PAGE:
Always a new idea for a project

The Good Idea Fairy strikes again.  For my Java based advanced course this coming year I want to do a lot of non-coding topics.  One topic is understanding bases.  The binary and hex bases are kind of handy to understand in the field of computer science.  I introduced binary and hex last semester so in my infinite wisdom I thought I will have the kids write a program to do the conversions.  I like projects like this.  I could do the usual conversion worksheet but did that and they were bored with that.  For someone familiar with bases and base conversions it is a bit trivial.  The emphasis of this project is on algorithm development and not on typing code.  After a few minutes of doodling (that PLC training was a bit boring) I think it looks like the binary to decimal program is going to be simple to develop.  I think the kids can work that one up with very little coaxing.  Decimal to binary does not look so sweet.  It is going to take a bit more staring at the ceiling.  These are the projects I love to teach with; lots of thinking about the problem, understanding the algorithm, devolving the algorithm into some form of pseudo-code and then a little coding.  These projects play to my strength in CS, thinking and staring at the ceiling.  They also do not bring a lot of pressure on my CS weakness, coding.

I suck at coding.  For some reason I cannot remember syntax to save my life.  I think I have too many languages in my little brain.  If I do not have the language reference manual next to me while coding something I am doomed.  (One reason I love Small Basic.  Intellisense, I love you!)  This does not bother me too much.  When I worked for a software company many years ago the wiz bang programmer dude in the next cubical had a really thick VB reference book right by his hand.  He knew what he was doing and he still had to use it.  So thinking projects it is and a handy reference book.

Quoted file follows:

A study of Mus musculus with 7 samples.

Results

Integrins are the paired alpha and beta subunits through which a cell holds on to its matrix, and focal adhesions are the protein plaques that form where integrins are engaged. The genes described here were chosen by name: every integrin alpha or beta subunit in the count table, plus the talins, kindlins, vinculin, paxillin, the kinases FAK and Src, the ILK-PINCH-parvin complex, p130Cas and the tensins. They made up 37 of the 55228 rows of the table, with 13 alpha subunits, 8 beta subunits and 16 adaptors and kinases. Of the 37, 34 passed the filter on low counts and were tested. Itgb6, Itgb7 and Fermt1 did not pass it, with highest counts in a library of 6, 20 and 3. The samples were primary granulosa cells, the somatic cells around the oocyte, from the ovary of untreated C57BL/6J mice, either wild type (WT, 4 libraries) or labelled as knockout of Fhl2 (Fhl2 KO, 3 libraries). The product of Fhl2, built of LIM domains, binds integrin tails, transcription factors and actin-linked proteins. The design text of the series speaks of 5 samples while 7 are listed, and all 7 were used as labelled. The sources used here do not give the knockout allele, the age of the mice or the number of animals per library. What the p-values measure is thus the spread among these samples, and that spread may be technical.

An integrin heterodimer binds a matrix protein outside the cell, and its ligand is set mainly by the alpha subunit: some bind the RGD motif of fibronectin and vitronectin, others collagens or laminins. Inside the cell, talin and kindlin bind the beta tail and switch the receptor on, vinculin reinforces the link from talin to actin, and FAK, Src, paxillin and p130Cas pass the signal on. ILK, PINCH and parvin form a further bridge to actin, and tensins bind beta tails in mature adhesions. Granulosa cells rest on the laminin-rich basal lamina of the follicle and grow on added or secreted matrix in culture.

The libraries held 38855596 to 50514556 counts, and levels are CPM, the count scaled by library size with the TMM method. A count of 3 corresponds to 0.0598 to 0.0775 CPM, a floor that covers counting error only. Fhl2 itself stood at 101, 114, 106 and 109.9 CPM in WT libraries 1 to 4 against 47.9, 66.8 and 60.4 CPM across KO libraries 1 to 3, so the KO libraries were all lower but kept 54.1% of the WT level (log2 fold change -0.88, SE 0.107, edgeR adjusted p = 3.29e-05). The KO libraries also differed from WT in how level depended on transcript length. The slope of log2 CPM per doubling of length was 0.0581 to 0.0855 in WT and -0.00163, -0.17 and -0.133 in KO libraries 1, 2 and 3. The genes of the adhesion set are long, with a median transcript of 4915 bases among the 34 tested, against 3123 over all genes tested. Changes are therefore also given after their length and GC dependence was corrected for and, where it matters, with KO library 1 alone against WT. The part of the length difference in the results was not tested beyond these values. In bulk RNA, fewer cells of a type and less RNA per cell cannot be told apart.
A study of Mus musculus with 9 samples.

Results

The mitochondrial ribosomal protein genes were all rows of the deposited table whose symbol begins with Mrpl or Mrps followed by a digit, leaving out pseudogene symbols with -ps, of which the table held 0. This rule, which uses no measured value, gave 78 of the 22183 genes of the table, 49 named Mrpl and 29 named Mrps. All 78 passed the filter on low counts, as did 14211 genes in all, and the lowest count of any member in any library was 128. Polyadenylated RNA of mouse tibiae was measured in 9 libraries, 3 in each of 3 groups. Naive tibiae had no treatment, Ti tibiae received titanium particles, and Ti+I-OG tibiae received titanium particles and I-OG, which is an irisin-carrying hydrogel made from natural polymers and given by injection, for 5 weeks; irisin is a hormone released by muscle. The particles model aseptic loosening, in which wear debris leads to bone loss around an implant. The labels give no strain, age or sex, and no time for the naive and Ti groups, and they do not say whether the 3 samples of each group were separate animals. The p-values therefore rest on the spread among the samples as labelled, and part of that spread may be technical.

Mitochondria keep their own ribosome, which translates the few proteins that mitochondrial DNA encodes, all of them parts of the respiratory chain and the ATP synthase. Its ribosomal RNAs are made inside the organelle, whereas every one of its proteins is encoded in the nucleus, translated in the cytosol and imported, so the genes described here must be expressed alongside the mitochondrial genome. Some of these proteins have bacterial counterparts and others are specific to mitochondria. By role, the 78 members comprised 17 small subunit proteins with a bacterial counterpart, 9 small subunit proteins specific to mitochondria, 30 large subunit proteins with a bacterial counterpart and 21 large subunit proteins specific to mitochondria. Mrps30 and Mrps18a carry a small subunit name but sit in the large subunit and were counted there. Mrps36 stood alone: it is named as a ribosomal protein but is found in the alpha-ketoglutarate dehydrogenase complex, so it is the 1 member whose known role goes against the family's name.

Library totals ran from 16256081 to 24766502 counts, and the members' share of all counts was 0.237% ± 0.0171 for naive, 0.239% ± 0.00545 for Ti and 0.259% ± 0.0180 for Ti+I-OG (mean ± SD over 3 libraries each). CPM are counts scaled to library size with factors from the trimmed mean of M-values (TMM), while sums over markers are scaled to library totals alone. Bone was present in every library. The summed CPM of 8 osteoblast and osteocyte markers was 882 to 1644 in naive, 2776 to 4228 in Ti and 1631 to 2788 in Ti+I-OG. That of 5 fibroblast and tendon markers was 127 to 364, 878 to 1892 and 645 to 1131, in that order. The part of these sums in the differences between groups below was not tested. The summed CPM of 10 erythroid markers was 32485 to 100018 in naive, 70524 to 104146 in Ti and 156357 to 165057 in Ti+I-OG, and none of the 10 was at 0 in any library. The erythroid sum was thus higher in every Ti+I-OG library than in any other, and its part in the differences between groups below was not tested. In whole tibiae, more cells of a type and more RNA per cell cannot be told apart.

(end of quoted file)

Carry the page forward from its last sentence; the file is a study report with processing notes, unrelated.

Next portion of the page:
When I teach a language the first thing I give the kids is the location of a readable language reference manual.  I expect them to use it.  I expect them to use it a lot.  I teach them how to read it.  I do not teach them a lot of syntax, at least not through lecture using my broad knowledge of syntax.  To facilitate this reading of manuals I have the kids hook up a second monitor to their laptops.  This is almost a necessity when using on-line references.  All my programming kids have a laptop, either their own or a school owned loaner so the second monitor is not a big issue.

For this bases conversion program I will initially have them do it in Python.  I foresee the program needing some string manipulating.  Reference book!  I know what I want is in there somewhere because I remember reading it but I cannot do it by memory if my life depended on it.  I even did the book exercises and I cannot remember what I used to do what I did.  I will then have them try it in Java.  Having done the project in Python they will have the algorithm figured out so all they will have to struggle with is the language.

I am not a great coder and I am not a great snowboarder but I have a blast doing both.  When I teach someone how to snowboard they can get down the mountain with a little style but they are definitely not ready for a freestyle contest.  The same with programming.  I am not training kids to be professional programmers, I am teaching kids to think and learn.  I think my plan is working.

I had better get to work on these conversion programs.  Sometime the Good Idea Fairy is not nice and bites me in the rear.


6 Responses to “Always a new idea for a project”

  1. alfredtwo Says:

    Number base conversion programs! I love it. Going to use it. Also thinking about having programs that count in various number bases. Thanks.

  2. gasstationwithoutpumps Says:

    I’ve always thought that decimal to binary was easier on a binary machine, as you can process digits left to right (multiply old value by 10 and add new value). The easiest way to do binary to decimal seems to be mod 10 and divide by 10, which generates the number backwards (easily handled with a [::-1] in Python, but still conceptually harder).

  3. gflint Says:

    I have not thought about it that way. I will have to think some more.

  4. Bri Morrison Says:

    I have used number conversion projects for a while now. Introducing octal or hex is interesting. But for a _real_ brain teaser, try Roman numeral conversion. That one belongs in a “It seemed like a good idea at the time” session!

  5. gflint Says:

    Roman numerals. I am glad I did not think of that one. Lots of “If” statements to compare order of symbols. What a mess. But for the kid that is smarter than me and needs something to humble him/her? Hmmm.

  6. alfredtwo Says:

    I’ve used Roman numerals a number of times. Going from Roman to Arabic mostly.